This case involves an 18-month-old child who was presented to her regular pediatrician with fever and vomiting. The pediatrician advised it was a viral infection and that the parents should let the infection run its course. After several days, the child’s symptoms began to worsen. The parents became concerned and took the child to the emergency room. The parents were once again assured that the child had a virus. The child was given over the counter painkillers and anti-vomiting medication and was discharged. Two days later, the child returned to the hospital again with continued vomiting and decreased urine output. The child was given an abdominal ultrasound that was essentially normal. She was also administered a bolus of saline and subsequently discharged. The child continued to decline hours after discharge and her parents decided to take her to a different hospital. At the second hospital, a lumbar puncture confirmed the child had a bacterial infection. The child was treated for bacterial meningitis but subsequently failed hearing tests and lost the level of language she had before the infection. The child required anti-seizure medication and feeding through an NG tube. Further intervention was later required to drain fluid from the child’s brain.
Question(s) For Expert Witness
- 1. How often do you treat patients with bacterial meningitis?
- 2. How important is a speedy diagnosis and administration of antibiotics?
- 3. Could the delayed diagnosis have led to a worse prognosis? Please explain.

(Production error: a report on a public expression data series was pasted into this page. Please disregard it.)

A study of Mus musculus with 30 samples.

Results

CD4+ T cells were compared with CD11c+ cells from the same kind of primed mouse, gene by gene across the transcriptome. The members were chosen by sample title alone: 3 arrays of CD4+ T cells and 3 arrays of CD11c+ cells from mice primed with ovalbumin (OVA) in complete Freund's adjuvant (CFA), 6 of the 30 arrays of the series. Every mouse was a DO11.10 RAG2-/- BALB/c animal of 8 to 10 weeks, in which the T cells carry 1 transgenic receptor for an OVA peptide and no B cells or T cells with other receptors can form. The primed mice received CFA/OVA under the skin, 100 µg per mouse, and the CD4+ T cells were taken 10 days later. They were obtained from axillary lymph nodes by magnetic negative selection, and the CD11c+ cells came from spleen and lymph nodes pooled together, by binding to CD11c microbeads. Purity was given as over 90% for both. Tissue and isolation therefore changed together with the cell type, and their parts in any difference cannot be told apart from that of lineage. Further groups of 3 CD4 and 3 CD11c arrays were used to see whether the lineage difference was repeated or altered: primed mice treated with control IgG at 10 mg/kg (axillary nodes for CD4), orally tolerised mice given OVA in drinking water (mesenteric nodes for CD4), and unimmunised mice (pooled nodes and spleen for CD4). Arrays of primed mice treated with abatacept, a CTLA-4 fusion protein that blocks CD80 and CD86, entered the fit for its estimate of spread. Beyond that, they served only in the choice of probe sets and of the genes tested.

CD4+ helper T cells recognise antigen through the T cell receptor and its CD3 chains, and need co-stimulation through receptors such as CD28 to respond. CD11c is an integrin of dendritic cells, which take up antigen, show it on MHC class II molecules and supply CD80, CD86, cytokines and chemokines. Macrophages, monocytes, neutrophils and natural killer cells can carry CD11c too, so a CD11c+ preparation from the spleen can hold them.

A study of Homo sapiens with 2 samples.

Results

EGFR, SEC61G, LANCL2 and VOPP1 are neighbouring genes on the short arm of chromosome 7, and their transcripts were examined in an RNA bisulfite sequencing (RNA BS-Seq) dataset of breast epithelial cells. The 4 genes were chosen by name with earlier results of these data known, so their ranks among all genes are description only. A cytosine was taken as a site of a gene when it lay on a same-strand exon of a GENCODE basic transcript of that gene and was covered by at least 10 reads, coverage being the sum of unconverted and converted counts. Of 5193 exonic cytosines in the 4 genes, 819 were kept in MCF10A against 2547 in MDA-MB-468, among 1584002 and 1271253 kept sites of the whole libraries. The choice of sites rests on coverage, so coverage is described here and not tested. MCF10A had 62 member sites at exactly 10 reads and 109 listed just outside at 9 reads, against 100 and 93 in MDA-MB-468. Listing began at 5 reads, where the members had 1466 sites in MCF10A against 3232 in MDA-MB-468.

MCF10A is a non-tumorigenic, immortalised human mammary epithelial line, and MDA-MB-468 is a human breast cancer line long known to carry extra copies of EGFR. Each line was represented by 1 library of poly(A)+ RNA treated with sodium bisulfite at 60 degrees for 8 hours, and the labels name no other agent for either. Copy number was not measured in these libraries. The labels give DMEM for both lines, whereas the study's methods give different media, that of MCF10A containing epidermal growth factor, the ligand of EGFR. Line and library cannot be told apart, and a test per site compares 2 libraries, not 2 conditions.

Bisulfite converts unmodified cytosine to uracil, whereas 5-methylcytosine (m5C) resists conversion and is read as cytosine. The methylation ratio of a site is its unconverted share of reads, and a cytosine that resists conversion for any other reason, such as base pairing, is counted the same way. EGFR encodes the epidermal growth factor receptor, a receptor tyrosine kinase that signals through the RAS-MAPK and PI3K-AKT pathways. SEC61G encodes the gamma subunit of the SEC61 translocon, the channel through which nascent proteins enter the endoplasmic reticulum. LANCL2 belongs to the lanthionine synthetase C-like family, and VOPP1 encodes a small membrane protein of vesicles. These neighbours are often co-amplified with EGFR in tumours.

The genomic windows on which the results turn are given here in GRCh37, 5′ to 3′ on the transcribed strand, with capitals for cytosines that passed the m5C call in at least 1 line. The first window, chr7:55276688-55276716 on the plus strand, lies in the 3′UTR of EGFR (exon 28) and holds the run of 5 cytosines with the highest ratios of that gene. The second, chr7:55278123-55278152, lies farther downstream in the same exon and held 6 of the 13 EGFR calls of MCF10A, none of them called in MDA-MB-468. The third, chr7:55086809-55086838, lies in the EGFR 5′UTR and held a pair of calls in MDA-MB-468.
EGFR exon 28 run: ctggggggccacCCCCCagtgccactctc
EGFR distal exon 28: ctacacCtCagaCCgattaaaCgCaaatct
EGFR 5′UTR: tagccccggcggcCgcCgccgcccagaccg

Expert Witness Response E-042480
I am board-certified in pediatric infectious diseases and in general pediatrics. As the medical director of a pediatric antimicrobial stewardship program, I have considerable expertise in appropriate and timely antibiotic management. I serve on national committees and working groups in the overall field of pediatric infectious diseases as well as specifically on the optimal antibiotic management of bacterial infections. I performed lab research in fellowship on bacteriology and specifically participated in research on group B strep and pneumococcus, both of which are causes of bacterial meningitis. My current research is on the appropriate antibiotic management of bacterial infections.
I have treated many patients with bacterial meningitis. Thanks to vaccinations, it is not, overall, a common diagnosis. I also participate as a consultant in the evaluation of countless patients who we suspect of having bacterial meningitis but who ultimately do not. The absolutely most critical determinant of outcome in a bacterial meningitis case is time to antibiotics. This is known from research and is established as the standard of care. If you suspect bacterial meningitis, you promptly perform an LP and administer antibiotics–sometimes even giving empiric antibiotics without an LP if one cannot be done quickly enough or safely if the patient is severely ill (which at the initial presentation, it sounds like this patient was not). A delay in diagnosis and in treatment can absolutely lead to a worse prognosis and worse outcome in bacterial meningitis. It is hard to say how much this contributes, as the disease can have severe outcomes regardless of treatment, and without knowing more about the case, it may be that there was no reason to suspect the diagnosis early on (though it sounds, with vomiting, like increased intracranial pressure and an intracranial process may have been worth suspecting, or a bacterial process at the very least, prompting labs to be sent from the blood as a starting point). However, delaying dx and antibiotics absolutely hurts the chances of a good outcome.